Tuesday, January 09, 2007

Why Some Readers Love Cardboard Characters

I love memorable characters, characters so brilliantly conceived and deftly rendered that they linger in my mind for years after I’ve first met them. But I’ve realized, lately, that not all readers are like me.

I can think of several bestselling suspense and mystery writers who provide their fans with an incredibly thin, colorless husband-and-wife team. And don’t get me started on Dan Brown’s characters. But do the fans of these writers complain? No. They gush about how “wonderful” their favorite writer’s characters are. I used to go, “Huh?” But now, I think I get it.

You see, there’s a flip side to creating memorable, deftly rendered characters. The more individualistic your story people are, the more artfully delineated their likes and dislikes, faults and virtues, habits and idiosyncrasies, the more likely it is that some of your readers will go, “I don’t like this character. In fact, I hate this character, and I don’t want to read about him.” Think of the visitor to this blog who loves Scarlett O’Hara—and the one who hates her. Scarlett is definitely a memorable character. Endearing to everyone? No.

A well-delineated character presents us with a personality we react to, for good or ill. But a cardboard character is essentially a blank slate, a movie screen onto which certain kinds of readers seem to project their own likes and dislikes. The author has put nothing there to get in their way. Thus, when a reader says she loves Bestseller X’s characters, what she’s really saying is that she loves the way she imagines those characters to be.

Thin, undeveloped characters drive me nuts. One of the main things I read for, is the joy of experiencing people like Huck Finn, and Francis Crawford, and Dave Robicheaux. But when I look at the bestseller lists, I sometimes fear we’re in the minority.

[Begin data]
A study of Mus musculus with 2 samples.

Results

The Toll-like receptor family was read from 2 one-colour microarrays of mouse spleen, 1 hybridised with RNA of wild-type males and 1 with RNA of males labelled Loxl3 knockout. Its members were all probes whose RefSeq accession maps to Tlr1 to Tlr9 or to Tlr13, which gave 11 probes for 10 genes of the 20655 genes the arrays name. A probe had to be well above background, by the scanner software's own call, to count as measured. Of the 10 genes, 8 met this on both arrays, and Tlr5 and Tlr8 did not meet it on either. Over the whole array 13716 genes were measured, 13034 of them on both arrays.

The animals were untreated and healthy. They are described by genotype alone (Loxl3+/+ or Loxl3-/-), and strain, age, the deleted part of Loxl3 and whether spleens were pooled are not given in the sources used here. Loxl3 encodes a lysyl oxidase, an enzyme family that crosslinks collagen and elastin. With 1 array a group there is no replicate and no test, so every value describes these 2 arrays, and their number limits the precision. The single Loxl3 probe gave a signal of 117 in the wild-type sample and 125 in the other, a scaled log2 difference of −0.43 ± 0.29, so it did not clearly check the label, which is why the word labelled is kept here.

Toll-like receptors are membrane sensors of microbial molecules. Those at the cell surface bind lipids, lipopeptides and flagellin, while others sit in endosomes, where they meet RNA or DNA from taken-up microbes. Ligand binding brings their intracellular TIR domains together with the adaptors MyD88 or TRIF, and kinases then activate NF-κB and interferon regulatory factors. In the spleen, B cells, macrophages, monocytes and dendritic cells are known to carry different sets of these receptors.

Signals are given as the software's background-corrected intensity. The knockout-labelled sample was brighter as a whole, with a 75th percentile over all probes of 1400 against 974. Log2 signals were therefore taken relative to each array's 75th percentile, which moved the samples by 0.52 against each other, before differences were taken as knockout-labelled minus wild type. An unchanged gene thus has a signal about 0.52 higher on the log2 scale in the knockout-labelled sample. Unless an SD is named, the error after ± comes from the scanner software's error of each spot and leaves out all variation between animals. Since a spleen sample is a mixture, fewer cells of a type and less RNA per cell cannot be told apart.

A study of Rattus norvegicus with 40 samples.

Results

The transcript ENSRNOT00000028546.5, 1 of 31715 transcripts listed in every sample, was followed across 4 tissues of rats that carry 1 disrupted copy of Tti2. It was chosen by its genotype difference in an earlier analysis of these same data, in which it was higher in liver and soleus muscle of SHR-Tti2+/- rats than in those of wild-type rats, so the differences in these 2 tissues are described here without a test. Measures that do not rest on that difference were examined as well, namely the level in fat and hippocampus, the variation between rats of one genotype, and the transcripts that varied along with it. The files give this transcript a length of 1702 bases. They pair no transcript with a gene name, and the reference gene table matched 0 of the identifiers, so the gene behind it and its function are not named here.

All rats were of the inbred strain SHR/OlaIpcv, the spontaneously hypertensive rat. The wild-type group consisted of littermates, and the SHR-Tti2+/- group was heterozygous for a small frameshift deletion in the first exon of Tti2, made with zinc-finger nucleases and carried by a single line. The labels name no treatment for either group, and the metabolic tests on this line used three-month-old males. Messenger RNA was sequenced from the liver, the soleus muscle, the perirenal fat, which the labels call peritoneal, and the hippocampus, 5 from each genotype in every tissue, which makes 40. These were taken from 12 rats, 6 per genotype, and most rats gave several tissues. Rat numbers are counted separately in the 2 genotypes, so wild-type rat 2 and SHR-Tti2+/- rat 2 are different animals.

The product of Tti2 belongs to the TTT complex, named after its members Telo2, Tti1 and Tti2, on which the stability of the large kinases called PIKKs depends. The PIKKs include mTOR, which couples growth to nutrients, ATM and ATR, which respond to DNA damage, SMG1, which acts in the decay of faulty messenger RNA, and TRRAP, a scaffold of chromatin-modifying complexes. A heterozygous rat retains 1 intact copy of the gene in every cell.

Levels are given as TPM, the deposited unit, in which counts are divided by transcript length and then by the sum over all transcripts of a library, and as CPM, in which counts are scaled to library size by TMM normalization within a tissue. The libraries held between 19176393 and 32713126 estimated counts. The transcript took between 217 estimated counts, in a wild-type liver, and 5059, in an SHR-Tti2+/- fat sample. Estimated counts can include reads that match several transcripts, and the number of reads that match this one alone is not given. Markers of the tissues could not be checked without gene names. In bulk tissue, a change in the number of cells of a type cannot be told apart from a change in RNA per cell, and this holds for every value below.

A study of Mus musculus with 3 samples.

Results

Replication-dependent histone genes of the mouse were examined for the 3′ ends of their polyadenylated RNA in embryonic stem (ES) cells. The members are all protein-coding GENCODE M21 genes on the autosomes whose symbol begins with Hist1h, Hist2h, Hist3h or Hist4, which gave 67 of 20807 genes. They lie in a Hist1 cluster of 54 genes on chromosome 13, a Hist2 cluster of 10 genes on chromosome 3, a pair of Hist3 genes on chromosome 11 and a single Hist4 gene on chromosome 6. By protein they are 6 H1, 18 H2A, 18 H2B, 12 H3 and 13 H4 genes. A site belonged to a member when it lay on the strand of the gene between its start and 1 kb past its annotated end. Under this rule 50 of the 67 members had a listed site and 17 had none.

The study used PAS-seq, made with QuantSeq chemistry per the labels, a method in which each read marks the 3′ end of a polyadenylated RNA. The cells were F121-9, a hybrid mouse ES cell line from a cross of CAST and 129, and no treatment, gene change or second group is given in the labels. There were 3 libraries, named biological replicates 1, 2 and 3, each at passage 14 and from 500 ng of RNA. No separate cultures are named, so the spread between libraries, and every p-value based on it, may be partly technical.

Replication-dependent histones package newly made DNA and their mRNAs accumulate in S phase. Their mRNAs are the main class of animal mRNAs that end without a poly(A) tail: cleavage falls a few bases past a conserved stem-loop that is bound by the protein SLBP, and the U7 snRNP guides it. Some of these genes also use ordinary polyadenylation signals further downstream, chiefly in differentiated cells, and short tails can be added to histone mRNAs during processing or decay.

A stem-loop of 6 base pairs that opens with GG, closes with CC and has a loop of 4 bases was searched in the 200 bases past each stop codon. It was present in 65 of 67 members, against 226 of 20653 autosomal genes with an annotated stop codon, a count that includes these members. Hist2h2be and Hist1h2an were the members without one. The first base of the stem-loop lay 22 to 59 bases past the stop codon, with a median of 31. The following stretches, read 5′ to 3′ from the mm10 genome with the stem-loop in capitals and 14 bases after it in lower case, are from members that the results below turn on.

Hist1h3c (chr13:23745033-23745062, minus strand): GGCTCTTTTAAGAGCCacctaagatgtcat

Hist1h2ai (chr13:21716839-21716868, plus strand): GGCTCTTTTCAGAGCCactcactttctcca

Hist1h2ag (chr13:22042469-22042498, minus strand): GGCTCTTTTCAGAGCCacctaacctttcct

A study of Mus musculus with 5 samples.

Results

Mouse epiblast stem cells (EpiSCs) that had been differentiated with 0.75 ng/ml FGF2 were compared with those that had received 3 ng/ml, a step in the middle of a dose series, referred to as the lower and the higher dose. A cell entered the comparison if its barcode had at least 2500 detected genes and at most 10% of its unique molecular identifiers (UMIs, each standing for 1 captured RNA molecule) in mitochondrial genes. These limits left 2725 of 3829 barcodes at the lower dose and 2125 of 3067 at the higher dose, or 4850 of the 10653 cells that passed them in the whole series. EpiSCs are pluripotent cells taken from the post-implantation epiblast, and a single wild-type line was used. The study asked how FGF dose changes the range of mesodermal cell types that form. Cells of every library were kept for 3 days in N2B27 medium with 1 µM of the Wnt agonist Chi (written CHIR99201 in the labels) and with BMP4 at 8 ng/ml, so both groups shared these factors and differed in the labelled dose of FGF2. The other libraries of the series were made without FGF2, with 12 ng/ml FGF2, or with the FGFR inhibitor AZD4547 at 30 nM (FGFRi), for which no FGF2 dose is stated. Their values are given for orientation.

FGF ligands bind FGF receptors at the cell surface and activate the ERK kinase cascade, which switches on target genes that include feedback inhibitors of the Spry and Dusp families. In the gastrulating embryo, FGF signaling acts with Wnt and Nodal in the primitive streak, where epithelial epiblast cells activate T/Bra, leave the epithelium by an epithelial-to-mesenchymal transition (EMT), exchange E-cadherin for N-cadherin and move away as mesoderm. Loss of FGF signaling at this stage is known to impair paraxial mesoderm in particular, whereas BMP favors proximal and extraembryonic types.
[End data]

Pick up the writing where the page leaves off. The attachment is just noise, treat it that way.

Anonymous said...

This immediately reminded me of a quotation from Leslie Charteris, the author of the Saint saga. I had to dig out my copy of the First Saint Omnibus to find it:

"I have been trying to make a picture of a man. Changing, yes. Developing, I hope. Fantastic, improbable--perhaps. Quite worthless, quite irritating, if you feel that way. Or a slightly cockeyed ideal, if you feel differently. It doesn't matter so much, so long as you feel that you would recognise him if you met him tomorrow."

That's the kind of character I admire, even the ones I wouldn't like if I actually got to meet them. Also note that it's been fifteen years since I read Gone with the Wind, and I still feel quite strongly about Scarlett; she definitely made an impression.

cs harris said...

Great quote! And he did succeed, didn't he? (Or is it a she? I read the Saint voraciously as a teenager, but now I can't remember!)

Anonymous said...

I will continue to read about characters I don't like if they are well drawn and put into interesting circumstances. For example, I couldn't stand the character of Thomas Covenent in Stephen Donaldson's series but I read six books about him.

Chap O'Keefe said...

A superb post. And the quote from (Mr) Charteris is very apposite. The "Robin Hood of modern crime" is largely remembered today through the long, long TV series starring Roger Moore. The books, especially the early ones from the 1930s, are well worth hunting down, however. Charteris had a smooth, droll style to his writing. But as a character Simon Templar was always just a bit too large for life. Not the kind of person I would ever expect to meet tomorrow! Excellent for escapist reading though. And some of us still do try to create such fantastic (as in fanciful) rebel types. I know I do -- particularly with Misfit Lil, to a lesser extent with ex-Pinkerton Joshua Dillard.

Ruthie Black naked said...

True, Sweetie.
Nice blog!
People say I immitate SCARLETT O'HARA, since we're both bitches. But I'm as genuine as she was, since we were from the same neck of the Georgia woods, and we both were stars of novels.
I saw MARGARET MITCHELL meet her tragic death on the sidewalk outside the Fox theater in 1949. (The theater in Atlanta where the movie GONE WITH THE WIND had premiered). A taxi hit her as she was crossing the street, looking up at the theater's marquee where her name was displayed prominently. I tried to warm her of the taxi, but she didn't seem to hear me.